Forrest Richardson has redesigned ritzy Palo Alto’s municipal golf course to incorporate additional flood defence and a substantial reduction in managed turf.
Municipal golf courses, since they first began to emerge around the turn of the twentieth century, have been among the most important tools for spreading the game of golf to new (and especially non-wealthy) audiences. It is, therefore, a little ironic, even peculiar, to think of a municipal course in one of the richest areas on earth, but the Palo Alto Municipal has played an important role in the golfing scene of the San Francisco Bay Area since it opened in 1956.
William P Bell, who built such beautiful bunkers for George Thomas at Riviera and elsewhere, began the layout, working with his son William F Bell. After his father died in 1953, Bell Jr completed the work and the original course opened in 1956. The Palo Alto layout occupies low-lying land close to the San Francisco Bay, separated only from the water by the runway of the Palo Alto airport, and by a small area of foreshore. It’s the sort of land that is of little use for anything but golf – reminiscent, in that, of the linksland of Scotland where the game began.
Several years ago, the City of Palo Alto hired Arizona-based architect Forrest Richardson to oversee a comprehensive rebuild of the muni course, with the goals of improving both playability and sustainability, and also to allow for the expansion of the neighbouring San Francisquito Creek, to boost flood protection.
The redesigned course features 55 acres of native Baylands vegetation and wetlands areas, a 40 per cent reduction of managed turf areas, a 35 per cent reduction of potable water use, an additional 10.5 acres added to the Baylands Athletic Center for future recreational use, and 7.4 acres of land converted into in-stream marshland terrace habitat within an expanded San Francisquito Creek for increased flood protection.
The course, in its previous form, was populated by a significant number of non-native trees, mostly eucalypts. Richardson oversaw the removal of these – and their replacement with 300 new native trees on the course, as well as the protection of 500 naturally-occurring oak saplings in the nearby Pearson Arastradero Preserve. The site was recontoured using a substantial quantity of inert fill (see box) to raise the level of the playing corridors, and to give more movement to the land. Rather like a links, in fact!
Now, we shouldn’t push this analogy too far. Notwithstanding the course’s new name, Baylands Golf Links, it isn’t (a links that is). Apart from anything else, Richardson has grassed the course with platinum paspalum, everywhere except the greens, which are creeping bent. The soil is not sandy and in no sense is this a genuine links ecosystem. But that doesn’t matter; from the golfer’s perspective, he is by the sea, playing in a largely open environment, with cool movement of the ground, and right next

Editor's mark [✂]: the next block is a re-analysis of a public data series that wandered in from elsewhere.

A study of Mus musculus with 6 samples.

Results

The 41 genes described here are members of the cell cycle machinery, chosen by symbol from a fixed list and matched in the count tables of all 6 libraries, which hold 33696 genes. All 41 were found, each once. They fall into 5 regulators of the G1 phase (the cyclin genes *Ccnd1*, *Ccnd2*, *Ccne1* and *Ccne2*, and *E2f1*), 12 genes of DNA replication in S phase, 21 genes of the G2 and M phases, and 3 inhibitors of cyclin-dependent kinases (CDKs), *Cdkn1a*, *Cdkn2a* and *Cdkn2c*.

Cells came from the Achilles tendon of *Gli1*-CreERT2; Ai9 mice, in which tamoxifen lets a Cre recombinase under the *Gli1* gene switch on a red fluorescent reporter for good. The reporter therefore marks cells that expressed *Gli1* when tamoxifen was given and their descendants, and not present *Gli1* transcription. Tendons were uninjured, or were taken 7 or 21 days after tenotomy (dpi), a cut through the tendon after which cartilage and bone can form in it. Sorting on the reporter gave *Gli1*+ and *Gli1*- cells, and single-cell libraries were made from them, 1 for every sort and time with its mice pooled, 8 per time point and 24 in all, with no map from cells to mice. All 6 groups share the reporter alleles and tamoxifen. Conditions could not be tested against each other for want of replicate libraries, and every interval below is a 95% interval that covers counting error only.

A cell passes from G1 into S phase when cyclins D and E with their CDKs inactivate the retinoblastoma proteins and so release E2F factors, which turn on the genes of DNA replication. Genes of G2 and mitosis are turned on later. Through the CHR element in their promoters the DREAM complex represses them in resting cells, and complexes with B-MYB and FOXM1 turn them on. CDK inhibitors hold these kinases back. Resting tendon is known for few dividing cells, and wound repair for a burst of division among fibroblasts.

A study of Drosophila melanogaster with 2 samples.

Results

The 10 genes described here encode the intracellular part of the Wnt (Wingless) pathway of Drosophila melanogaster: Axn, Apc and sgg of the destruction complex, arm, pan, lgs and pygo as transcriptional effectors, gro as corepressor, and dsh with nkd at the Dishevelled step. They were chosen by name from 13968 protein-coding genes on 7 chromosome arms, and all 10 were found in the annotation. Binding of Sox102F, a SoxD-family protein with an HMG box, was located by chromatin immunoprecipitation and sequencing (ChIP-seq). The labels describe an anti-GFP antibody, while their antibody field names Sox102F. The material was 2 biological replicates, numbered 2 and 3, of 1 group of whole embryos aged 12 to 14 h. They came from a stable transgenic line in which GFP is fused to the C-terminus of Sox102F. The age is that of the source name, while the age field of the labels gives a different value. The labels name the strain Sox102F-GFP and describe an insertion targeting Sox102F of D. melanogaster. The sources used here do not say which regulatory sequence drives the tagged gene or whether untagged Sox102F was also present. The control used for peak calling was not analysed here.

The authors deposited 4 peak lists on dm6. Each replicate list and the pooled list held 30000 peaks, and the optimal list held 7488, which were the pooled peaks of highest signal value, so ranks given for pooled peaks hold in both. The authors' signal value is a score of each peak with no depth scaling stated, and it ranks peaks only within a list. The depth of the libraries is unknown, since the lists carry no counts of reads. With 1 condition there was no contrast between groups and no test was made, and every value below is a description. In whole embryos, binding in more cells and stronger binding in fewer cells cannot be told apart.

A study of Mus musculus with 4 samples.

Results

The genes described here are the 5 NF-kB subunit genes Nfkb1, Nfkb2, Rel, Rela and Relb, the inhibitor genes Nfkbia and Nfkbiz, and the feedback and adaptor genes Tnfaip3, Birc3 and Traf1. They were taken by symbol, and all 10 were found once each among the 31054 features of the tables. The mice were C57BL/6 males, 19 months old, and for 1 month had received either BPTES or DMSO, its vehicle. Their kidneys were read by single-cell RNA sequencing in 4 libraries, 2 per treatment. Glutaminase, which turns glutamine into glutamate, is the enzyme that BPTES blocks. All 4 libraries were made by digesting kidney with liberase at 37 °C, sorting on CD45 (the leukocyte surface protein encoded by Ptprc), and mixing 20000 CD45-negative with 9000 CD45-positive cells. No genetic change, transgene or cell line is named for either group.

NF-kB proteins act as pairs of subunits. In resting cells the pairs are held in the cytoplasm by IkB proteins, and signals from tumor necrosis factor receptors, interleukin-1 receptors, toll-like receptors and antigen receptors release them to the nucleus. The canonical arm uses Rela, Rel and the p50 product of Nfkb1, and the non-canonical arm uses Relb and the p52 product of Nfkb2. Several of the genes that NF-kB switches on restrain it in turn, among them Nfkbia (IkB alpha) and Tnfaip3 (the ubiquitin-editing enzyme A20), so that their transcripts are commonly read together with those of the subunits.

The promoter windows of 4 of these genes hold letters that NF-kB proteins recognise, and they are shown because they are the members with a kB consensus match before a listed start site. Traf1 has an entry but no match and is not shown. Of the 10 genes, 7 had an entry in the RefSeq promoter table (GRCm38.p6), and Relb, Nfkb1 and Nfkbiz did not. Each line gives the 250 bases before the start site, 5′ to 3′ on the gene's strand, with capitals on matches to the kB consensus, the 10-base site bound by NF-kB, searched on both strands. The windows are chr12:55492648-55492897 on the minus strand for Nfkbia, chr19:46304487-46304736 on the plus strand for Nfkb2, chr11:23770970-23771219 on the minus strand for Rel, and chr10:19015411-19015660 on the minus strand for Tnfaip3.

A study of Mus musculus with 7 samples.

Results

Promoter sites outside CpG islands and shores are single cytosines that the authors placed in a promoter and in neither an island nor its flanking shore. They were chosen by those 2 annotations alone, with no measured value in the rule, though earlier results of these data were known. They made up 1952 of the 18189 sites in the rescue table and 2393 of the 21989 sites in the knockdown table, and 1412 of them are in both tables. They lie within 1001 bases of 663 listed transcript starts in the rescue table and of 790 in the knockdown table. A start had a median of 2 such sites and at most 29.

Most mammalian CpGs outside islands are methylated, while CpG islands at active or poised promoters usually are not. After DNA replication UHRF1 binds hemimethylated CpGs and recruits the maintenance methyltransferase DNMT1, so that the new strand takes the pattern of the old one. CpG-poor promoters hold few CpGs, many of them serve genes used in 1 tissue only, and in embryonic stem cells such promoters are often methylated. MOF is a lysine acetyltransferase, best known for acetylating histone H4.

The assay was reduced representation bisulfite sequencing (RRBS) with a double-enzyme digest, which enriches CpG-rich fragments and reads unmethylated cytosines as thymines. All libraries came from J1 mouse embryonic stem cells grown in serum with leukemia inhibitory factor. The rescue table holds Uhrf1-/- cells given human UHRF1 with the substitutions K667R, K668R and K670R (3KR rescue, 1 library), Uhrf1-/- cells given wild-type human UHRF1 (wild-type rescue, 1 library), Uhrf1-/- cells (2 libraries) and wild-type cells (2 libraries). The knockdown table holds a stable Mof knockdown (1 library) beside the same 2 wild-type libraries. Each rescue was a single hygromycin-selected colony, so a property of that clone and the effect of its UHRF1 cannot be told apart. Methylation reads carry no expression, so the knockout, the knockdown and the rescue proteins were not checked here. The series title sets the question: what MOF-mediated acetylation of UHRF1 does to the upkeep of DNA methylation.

to the water.
This linksy feel is most evident at the far end of the course, notably on the par-five thirteenth, which gets closest to the water and furthest away from civilisation. At this point of the course, the ground is suitably lumpy, the fairways are wide and there is a beautifully placed central bunker about thirty yards short of the green (on a short par five of only 510 yards from the back tee). The bunkerless fourteenth, a mid-length par four that begins the journey back to the clubhouse, is another good hole; here, Richardson has built two greens, a lower left one tucked close to a water hazard and a higher right one separated from the other by a large mound (I prefer the left green).
I like too the third hole, a par five with two doglegs, created by bunkers and by native rough. There is something very appealing about dogleg holes where you can see the flag all the way along; perhaps it is the mental strain of being able to see your destination, but having to aim away from it. The hole plays to the left half of a double green (the other half is occupied by the par-three fifteenth) which, in the severity of its cross-slope, has a little hint of the green occupied by the eleventh and seventh at St Andrews – not, by any stretch of the imagination as severe, but just as a tee ball on the Eden hole that leaks right will catch the slope and swing a long way from the hole, so with an approach here.
The routing is complex, governed I guess by a desire to have returning nines and the narrowness of the site near the clubhouse and the entrance. The use of fill is most evident on the tenth and eleventh, where the course borders the creek, and across it the neighbourhood of East Palo Alto. But even here it is not intrusive; a fine job by Richardson and his construction team.
Baylands is not long – 6,680 yards from the back black tees, and is rated for play both from its four sets of tees, and three sets of combos. It is hard to imagine there isn’t a good game for most every golfer out there. All in all, then, the Palo Alto muni looks to be in good shape for its second half century.
The article first appeared in the October 2018 issue of Golf Course Architecture.